RIP: Leela Naidu (1940-2009)

New Delhi
RIP: Leela Naidu (1940-2009)
From a still in Anuradha

Daughter of famous nuclear physicist Ramaiah Naidu and a French mother, Leela Naidu was crowned Miss India in 1954. Vogue named her as one of the five most beautiful women in the world.

Naidu made her debut in Hrishikesh Mukherjee's Anuradha opposite Balraj Sahni in 1960. The film didn't do well at the box office, but got her high acclaim and the National Award for best film.

The film's music score was given by noted Sitarist Ravi Shankar who compared her "as an actress at par with Ava Gardner and Sophia Loren."

In 1962, she was seen in Ummeed. Her role in Yeh Raaste Hain Pyar Ke (1963), made on the infamous Nanavati murder case, with actor Sunil Dutt, got her nationwide fame and popularity.

In the same year, she starred in the first Merchant Ivory Production The Householder, which was directed by James Ivory.

The film was shot in Daryaganj in Delhi in a real barsati not in a studio or sets by Subrata Mitra, Satyajit Ray's director of photography.

The film got her wide recognition. Satyajit Ray was bowled over and called her brilliant. He planned an English film, The Journey, with her and Marlon Brando in the lead roles, but the film had to be shelved.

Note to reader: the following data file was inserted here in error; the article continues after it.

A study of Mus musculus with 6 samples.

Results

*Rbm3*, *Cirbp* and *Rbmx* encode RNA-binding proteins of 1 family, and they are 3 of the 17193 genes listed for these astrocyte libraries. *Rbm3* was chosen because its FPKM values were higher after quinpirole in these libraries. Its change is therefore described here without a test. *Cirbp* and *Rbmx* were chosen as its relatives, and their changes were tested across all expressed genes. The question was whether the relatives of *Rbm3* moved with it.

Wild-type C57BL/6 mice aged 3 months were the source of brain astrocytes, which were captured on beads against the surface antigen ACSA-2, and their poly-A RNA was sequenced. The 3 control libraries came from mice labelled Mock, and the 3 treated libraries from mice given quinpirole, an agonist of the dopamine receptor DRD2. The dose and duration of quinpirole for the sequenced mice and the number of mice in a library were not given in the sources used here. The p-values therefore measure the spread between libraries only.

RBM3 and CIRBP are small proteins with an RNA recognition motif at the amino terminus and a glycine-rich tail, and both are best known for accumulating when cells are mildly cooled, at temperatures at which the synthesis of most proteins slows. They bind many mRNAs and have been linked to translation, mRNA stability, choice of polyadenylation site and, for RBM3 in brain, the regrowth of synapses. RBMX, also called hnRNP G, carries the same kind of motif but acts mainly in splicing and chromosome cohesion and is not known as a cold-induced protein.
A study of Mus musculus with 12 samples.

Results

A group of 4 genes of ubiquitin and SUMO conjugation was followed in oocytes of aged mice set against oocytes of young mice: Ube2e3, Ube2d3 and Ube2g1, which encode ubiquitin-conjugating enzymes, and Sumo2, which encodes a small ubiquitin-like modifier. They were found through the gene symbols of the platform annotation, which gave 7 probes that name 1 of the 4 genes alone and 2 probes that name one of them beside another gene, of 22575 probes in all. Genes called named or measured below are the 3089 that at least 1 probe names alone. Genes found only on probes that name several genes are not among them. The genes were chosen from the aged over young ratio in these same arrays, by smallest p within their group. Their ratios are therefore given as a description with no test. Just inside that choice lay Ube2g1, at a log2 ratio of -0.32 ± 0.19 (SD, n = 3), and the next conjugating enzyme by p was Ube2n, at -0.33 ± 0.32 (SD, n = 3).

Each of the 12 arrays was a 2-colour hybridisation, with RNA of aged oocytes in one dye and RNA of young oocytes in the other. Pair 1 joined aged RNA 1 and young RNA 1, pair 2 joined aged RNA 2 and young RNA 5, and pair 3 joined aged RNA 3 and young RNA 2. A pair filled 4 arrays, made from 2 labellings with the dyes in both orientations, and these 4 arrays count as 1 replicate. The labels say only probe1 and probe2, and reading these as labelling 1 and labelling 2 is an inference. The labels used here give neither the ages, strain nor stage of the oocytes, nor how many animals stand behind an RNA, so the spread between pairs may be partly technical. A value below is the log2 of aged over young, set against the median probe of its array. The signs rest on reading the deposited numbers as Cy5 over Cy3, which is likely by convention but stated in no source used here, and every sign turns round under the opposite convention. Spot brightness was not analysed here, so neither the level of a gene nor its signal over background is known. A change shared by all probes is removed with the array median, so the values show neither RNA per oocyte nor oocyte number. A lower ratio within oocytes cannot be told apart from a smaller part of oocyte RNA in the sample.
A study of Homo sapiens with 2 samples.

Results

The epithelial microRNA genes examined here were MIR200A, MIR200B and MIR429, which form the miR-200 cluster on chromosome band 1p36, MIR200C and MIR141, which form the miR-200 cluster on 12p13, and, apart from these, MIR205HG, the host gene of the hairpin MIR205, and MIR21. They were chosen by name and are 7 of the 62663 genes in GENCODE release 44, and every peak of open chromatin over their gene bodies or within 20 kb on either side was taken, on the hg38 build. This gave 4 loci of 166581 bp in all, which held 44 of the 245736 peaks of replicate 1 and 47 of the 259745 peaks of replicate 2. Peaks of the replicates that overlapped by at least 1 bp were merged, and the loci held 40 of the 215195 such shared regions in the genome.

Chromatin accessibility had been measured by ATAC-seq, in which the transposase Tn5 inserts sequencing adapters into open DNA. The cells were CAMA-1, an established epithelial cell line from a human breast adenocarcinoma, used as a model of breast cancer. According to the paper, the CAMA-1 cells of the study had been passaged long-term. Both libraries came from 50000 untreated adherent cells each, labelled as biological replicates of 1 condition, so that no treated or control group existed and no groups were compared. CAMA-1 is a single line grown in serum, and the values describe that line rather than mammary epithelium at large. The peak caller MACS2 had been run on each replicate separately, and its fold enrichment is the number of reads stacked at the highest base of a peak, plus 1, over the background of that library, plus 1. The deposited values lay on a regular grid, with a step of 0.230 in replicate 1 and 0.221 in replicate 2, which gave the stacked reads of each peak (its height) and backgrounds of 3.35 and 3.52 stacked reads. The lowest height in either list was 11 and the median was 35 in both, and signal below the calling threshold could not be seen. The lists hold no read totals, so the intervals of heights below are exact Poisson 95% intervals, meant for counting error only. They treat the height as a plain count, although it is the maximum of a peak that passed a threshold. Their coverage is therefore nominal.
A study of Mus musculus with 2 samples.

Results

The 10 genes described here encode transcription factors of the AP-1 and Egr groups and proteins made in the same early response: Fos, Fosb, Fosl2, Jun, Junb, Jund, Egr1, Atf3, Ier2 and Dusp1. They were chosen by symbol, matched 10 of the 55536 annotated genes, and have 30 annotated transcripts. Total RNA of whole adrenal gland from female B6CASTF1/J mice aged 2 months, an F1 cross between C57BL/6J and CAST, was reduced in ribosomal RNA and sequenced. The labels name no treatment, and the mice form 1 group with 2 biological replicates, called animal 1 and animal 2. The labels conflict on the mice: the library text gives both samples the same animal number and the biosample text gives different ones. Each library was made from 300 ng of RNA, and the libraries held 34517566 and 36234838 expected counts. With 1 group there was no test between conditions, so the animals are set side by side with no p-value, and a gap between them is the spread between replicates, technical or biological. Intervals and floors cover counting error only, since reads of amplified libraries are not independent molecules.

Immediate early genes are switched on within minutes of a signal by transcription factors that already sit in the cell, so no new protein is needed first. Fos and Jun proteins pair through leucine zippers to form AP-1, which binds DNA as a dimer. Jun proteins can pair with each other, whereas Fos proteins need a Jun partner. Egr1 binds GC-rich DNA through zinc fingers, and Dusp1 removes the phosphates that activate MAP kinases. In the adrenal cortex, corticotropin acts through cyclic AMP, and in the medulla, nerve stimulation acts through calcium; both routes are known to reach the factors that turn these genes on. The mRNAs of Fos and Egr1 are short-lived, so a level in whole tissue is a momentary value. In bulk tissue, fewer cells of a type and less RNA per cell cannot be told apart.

After a guest appearance in The Guru in 1969, Leela Naidu left films to get married to Bikki Oberoi, the heir to the Oberoi Hotels chain, with whom she had twin daughters.

She later divorced Oberoi and married poet Dom Moraes, and stayed with him in Hong Kong for about ten years. The couple were later separated.

After many years, she made a reappearance in Shyam Benegal's Trikaal in 1985 and last acted in Pradeep Kishen's 1992 film,  Electric Moon, which also starred Arundhati Roy.

She lost the custody battle of her twin daughters to Bikki Oberoi and became philosopher J. Krishnamurti's disciple. But she would always be remembered for her elegance. Her beauty, Dom Moraes once said, was "a vocation".